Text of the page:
New Waves Of Immigration

Immigration is coming up everywhere, including economic data.


Among the liveliest elements of our work are question-and-answer segments when we present to clients.  We never know what will come up.  The thorniest question I have received of late was, “What do you think of the immigration problem?”

This query comes both from those who perceive that the U.S. has allowed in too many immigrants and others who think we need more newcomers to address a shortage of workers.  Answering is also complicated by the challenge in assessing just how many new entrants have arrived.  Recent work on this latter front has placed the immigration debate front and center.

Immigration has always been a contentious but fundamental component of the dynamic U.S. labor market.  The American economy wouldn’t be the world leader without immigrants, but the continual inflow of migrants at the southern border has raised questions over whether the current state is helpful or harmful to growth and inflation. That is what we will focus on, preferring to leave policy questions to politicians.


 

Estimates of the population change due to activity at the southern border are wide ranging, but uniformly upward.  Pre-COVID, the nation could expect about 900,000 working immigrants per year.  Among official approximations, the Congressional Budget Office (CBO) has published the highest estimate of 3.3 million arrivals in 2023. The CBO’s inclusion of the “other foreign nationals” arriving in the busy second half of 2023 gives credibility to their estimate. 

Most recent arrivals are attempting to stay in the country through processes that sidestep conventional visa eligibility.  Parole and asylum statuses grant safe haven but leave the migrants in a state of legal limbo.  The immigration court backlog stands at over 3.4 million cases; the asylum process takes five years from filing to reach a decision. 

However, roughly six months after starting these processes, migrants can gain work authorization.  About half of asylum claims are denied, but that still grants many productive years in the United States.

The surge in immigration explains some recent oddities in the employment data.

The recent wave of immigration has some positive aspects for the U.S. economy.  A nation’s potential output is the product of its working-age population and the output of those workers.  More workers means more productive activity, and the children accompanying them will support the labor force as they mature.  And in a consumption-led economy like the U.S., more people means more demand for goods and services.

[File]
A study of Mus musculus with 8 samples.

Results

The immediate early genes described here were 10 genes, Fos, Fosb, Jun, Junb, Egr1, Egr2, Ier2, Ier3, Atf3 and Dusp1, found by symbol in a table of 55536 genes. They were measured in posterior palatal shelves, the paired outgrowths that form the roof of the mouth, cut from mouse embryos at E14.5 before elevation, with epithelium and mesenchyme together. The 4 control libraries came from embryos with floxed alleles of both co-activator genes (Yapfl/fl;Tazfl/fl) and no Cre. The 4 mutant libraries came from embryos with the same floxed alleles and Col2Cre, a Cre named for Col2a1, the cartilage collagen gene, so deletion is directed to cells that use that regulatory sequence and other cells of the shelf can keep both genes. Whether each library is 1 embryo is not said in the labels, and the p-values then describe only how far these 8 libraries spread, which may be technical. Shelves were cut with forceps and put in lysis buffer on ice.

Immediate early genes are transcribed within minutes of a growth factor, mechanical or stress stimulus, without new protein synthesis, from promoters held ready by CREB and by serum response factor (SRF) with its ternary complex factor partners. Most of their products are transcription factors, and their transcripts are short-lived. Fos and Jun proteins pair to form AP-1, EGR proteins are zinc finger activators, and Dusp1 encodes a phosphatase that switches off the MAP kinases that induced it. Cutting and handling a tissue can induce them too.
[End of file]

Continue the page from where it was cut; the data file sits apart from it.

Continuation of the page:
More newcomers will help to close shortages in the labor market.  Past generations of immigrants had high rates of employment, filling jobs at the low end of the wage scale.  More hiring of lower-paid workers can help to limit wage-driven inflation.  As the new workers acclimate, their productivity rises, allowing for non-inflationary wage gains.  Recent hiring has been strongest in the hospitality and healthcare sectors, common first jobs for new immigrants and areas where additional hands have been needed. 


 

Migrant flows are difficult to measure, but impossible to ignore.

The migrant flow also helps to explain some of the curiosities of employment data in the past year.  The payroll (or establishment) survey has shown extranormal increases over the past year; but the household survey has reflected declining employment and labor force participation. We can now see that immigration grew the population faster than employers were hiring.  New entrants taking payroll jobs were reflected immediately in the establishment survey, giving greater confidence in the signal from that figure.  The unemployment rate may rise further as the population grows, but it will not be the same signal of economic distress that it was in past cycles.

Upon arrival, migrants need basic necessities like food, clothing, shelter and education.  Demand for these goods and services will rise, and prices may follow.  Added demand for housing comes at an inopportune time.  The costs are not borne evenly, as border regions and sanctuary cities stretch their budgets to bring newcomers into their local education and social support systems.

Immigration will figure prominently in the 2024 election.  Recent policy swings have been entirely through executive action.  A change in leadership could abruptly end all accommodative programs and halt the migrant flow; continual strain on local resources could prompt action even before the election.  The flow may naturally dwindle as those most motivated to migrate have made their moves, but such an inflection is difficult to predict.  Canada offers a cautionary tale: its permissive immigration stance led to greater population growth than had been estimated, requiring changes to some of its policies.  We expect those who have arrived in the U.S. will stay, as a mass expulsion of those who followed immigration protocols would be an economic shock with little precedent.

The question of the “immigration problem” is far from resolved.  The more we dig into the research, the more questions arise.  We can be certain that the flow of immigrants is having a profound impact on the economy today, and will place the issue at the forefront of electoral debates.  Long-run benefits of immigration must be balanced against immediate resource constraints.  The conversations can be tense, and the solutions difficult, but arriving at a cohesive policy response is essential.